Every year, it seems like there is at least one rookie who comes out of nowhere and takes the NFL by surprise.
This season, that first year talent could very well be Ryan Steed, a skilled defensive back from Furman University.
Steed was a three-year starter in Furman's defensive backfield and an FCS All-American this past season. He totaled 180 tackles and 14 interceptions in his collegiate career, which ranks among the best marks in school history.
This year's NFL Draft features several top-notch defensive backs in Morris Claiborne, Stephon Gilmore, Dre Kirkpatrick and Janoris Jenkins. But after that, Steed is in a large group of cornerback prospects that could be drafted anywhere in the second-to-seventh round range.
Let's take a look at this former FCS All-American and break down some of his best strengths and weaknesses.
It doesn't matter what level of college football you are playing at—Anyone who records 14 interceptions in a career is obviously a big-time playmaker.
Two of the most important aspects in being a successful cornerback are having the athletic ability to successfully play man-to-man coverage and being able to make a play on the ball when it is in the air. Those are two aspects that Steed certainly excels at.
Steed's 14 interceptions are the fourth most in Furman's history, and he actually returned three of those picks to the house for touchdowns.
This guy can flat-out make plays, which will certainly get him a shot to play at the next level.
If Steed is going to make it in the NFL, he is going to have to learn to play special teams before he immediately gets inserted into a starting lineup.
In order to be successful at special teams, he is going to have to learn to be more physical and develop his tackling skills.
Steed has great man-to-man cover skills, but for some reason he tends to shy away from contact at times. He doesn't come up and make tackles often on running plays, which could be a concern for NFL scouts evaluating Steed.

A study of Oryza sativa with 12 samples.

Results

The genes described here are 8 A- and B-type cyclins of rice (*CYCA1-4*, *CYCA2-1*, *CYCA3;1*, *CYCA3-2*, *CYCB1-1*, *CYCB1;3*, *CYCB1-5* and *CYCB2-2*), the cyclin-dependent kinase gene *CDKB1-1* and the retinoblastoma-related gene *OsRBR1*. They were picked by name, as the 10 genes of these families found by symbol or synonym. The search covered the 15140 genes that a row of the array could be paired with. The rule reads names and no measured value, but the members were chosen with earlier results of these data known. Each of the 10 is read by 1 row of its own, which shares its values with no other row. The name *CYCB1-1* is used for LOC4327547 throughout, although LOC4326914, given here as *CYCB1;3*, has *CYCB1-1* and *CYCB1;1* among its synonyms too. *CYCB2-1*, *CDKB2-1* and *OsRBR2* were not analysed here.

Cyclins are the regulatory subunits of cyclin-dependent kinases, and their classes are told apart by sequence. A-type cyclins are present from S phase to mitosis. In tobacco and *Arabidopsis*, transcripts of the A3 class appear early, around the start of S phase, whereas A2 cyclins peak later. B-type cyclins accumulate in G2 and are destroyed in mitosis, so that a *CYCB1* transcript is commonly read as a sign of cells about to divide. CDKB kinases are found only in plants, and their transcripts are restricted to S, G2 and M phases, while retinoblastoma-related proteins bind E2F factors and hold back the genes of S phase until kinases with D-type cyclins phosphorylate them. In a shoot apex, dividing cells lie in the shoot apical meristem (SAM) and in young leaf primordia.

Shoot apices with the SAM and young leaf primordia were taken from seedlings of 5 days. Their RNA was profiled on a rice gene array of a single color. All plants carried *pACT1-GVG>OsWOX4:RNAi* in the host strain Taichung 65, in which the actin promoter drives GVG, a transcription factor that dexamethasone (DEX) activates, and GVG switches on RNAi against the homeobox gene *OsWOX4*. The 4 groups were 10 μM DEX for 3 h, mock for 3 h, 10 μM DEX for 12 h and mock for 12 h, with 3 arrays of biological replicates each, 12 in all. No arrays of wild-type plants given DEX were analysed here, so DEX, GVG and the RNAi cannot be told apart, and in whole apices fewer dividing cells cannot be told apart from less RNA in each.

Perhaps once this kid hits an NFL weight room, he will develop the necessary strength to feel comfortable going up and making those tackles at the next level.
Steed stands at 5'11", 195 pounds, which is a really good size for a defensive back.
Steed's best attribute on the field is his ability to play in man-to-man coverage. He loves to press his man on the line of scrimmage, and his solid body frame allows him to do that so successfully.
In this day and age, the best wide receivers in the NFL are either tall, fast or both. Steed's ability to jam those receivers and stay in tight coverage make him extremely valuable.
Now, if he could just add some more muscle and be willing to be more physical, this kid has a chance to be a big-time player at the next level.
When you take a look at Ryan Steed, he has all the needed attributes to be successful at the NFL level.
But the one major factor that this kid lacks is experience going up against top-notch competition at the college football level.
Playing at Furman, an FCS level school, Steed faced a rather weak schedule. He was never challenged or asked to go up against the Alabama's and Oklahoma's of the college football world. Because of that, NFL scouts have to be worried about how this kid is going to adjust to playing against top-notch competition at the NFL level.
Good thing he'll have plenty of time to go up against top-notch competition in training camp.
When it comes to making the jump from college football to the NFL, there may not be a more important aspect that can help you succeed than live playing experience. And in Ryan Steed's case, he has played in a lot of college football games in his career.
Steed played four years at Furman and was a three-year starter. He earned multiple accolades every year for his performance on the gridiron, which lets you know that he can play at a high level when called upon.
You simply can't duplicate experience, and Steed has had plenty of it.
There are certainly those players who can get away without having elite speed at the cornerback level.
Guys like Charles Woodson and Ronde Barber are certainly not as fast as they were back in the day. But those guys are both proven veterans who have figured out the NFL game and know how to remain successful despite getting older.
But with rookies, NFL scouts look for speed, and in Steed's case he isn't exactly a "burner."
Steed ran a 4.68 40-yard dash at this year's NFL Combine, which is actually rather slow for a defensive back. Many believed that had he run a sub-4.4 40-yard dash, he would have been considered a first or second round draft choice, but because of his mediocre time, he will likely be selected somewhere in the third-to-fourth round range.